School was never like this when I was in college back in the… uh… well, it really doesn’t matter when I went to college!
(Can you tell that your faithful editor is fast approaching one of those “milestone” birthdays? Which one? To quote Chelsea Clinton, “It’s none of your business.”)
Okay, re-focus, Bob. College. Never like this. Like what? Well, just read the following story from the Fresno Bee…
Fresno State’s new wine-tasting room is not in a posh, or even pastoral, setting.
The wine is poured in a corner of the rustic campus market that sells university-produced milk, ice cream and meat – a sign that campus vintages come from a different kind of winery.
California State University, Fresno, started the winery 11 years ago, calling itself the first American university licensed to produce, bottle and sell wine commercially. Over the years, it has produced about 600,000 bottles and small profits. Some vintages have won awards, but they’re a difficult sell outside the region, one official says.
Students and graduates commend the winery for giving them practical experience. But whether tax-supported Fresno State poses unfair competition to area wineries risking their own money remains a nagging question for some vintners.
In December, the Fresno State Farm Market began offering wine tastings. Wine lovers Bob and Jacque Garcia of Fresno focused on sensory details recently after sampling, then buying, a bottle of Fresno State Syrah there. “It had a big bouquet,” said Jacque Garcia, 56.
Pleasing to the palate, added Bob Garcia, 60, who observed it’s logical for Fresno State to operate a winery. “It’s the perfect setting, don’t you think?We’re in the middle of agriculture country.”
The university’s winery is one of 69 commercial wineries in the central San Joaquin Valley and one of nearly 2,700 in the state. Annual revenues have averaged $384,935 over the last decade, while profits, plowed back into the winery, averaged $26,759, officials said.
Suggested retail prices on Fresno State wines range from $7 to $22 a bottle.
The winery lost money over two years, mainly because it made more wine than it sold. The biggest loss was $38,512 in fiscal 1999-2000, with profits during the next several years covering that loss.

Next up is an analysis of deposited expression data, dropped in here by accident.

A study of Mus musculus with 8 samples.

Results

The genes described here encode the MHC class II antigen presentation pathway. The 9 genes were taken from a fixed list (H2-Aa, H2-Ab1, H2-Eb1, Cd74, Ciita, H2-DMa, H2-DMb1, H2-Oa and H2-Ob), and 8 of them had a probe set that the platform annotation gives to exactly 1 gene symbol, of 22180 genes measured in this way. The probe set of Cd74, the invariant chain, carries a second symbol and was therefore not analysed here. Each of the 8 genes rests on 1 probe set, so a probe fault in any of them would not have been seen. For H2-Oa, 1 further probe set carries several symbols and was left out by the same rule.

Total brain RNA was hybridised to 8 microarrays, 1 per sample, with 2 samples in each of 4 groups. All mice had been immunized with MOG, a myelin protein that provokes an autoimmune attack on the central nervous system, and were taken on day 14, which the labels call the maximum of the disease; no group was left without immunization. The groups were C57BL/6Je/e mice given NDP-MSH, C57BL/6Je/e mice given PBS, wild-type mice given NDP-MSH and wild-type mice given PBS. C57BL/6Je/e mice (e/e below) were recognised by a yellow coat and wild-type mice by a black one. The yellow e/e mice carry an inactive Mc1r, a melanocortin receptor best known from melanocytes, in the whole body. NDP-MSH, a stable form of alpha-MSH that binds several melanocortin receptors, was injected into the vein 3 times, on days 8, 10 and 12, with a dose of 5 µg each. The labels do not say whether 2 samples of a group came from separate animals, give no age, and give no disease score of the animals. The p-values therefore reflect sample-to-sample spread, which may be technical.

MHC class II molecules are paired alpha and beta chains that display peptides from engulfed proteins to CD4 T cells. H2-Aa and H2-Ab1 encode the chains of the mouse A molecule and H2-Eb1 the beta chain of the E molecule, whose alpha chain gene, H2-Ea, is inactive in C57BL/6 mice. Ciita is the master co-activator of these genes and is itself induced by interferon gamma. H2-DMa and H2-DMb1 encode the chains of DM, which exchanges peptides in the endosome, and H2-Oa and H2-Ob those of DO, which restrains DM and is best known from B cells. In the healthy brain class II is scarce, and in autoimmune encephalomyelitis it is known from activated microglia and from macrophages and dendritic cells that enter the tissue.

Running the winery is major work for university officials.
“If you’re making 20,000 gallons of wine a year, you can’t just stack it in a room, you have to sell it,” said Robert Wample, chairman of Fresno State’s viticulture and enology department. (Viticulture is the science of growing grapes; enology is the science of winemaking.)
Professors who started the commercial winery wanted students to learn the science, art and business of winemaking.
From the arrival of the first harvested grapes to the last bottles coming down the bottling line, students are involved either through class work, volunteer time or paid positions, said Ken Fugelsang, enology professor and wine master. Fugelsang and John Giannini, a staff winemaker paid with winery revenues, oversee the students’ day-to-day work.
Students say they like the wide-ranging opportunities, although they’re not equally fond of all aspects of the industry. “The romantic side of winemaking was killed the first day we shoveled out a tank,” 41-year-old Kathe Kaigas of San Diego said of the messy job.
Marc-Antony Martinez, 24, of Stockton added, “You couldn’t get a more realistic view of your career.”
Eleven undergraduates received enology degrees in the 2006-07 school year, and 100 enology students were enrolled last fall. This summer, 12 viticulture and enology students from Fresno State will participate in a four-week wine and grape education program in Europe at the invitation of a Swiss university. Swiss officials contacted Fresno State because of its international reputation, the university said.
While an enology degree is necessary for a job in the industry, experience leads to better positions, said Fresno State graduate Nichole Birdsall. She earned her degree and became a winemaker in Mendocino County before getting a job in Michigan, where she’s overseeing production of 100,000 cases a year and developing a 35,000-square-foot winery facility that will boost production.
At 35, that’s a big opportunity she wouldn’t have gotten so soon in California’s highly competitive industry, Birdsall said.
Such competition leads some wineries to specialize in three or four wines to build market share. Fresno State’s winery produces 20 or so [varieties] each year so students get experience with red, blush, white and dessert wines.
Fresno State bottled about 8,000 cases in 2007, or about 96,000 bottles. The vintages are sold mainly in several Valley grocery stores and wine shops.
California Polytechnic State University, San Luis Obispo, is constructing an experimental winery where students will gain production experience but not sell the wine. Construction is expected to be finished this summer. The state’s other major enology program, at the University of California, Davis, also runs an experimental winery, as Fresno State did before starting the commercial winery.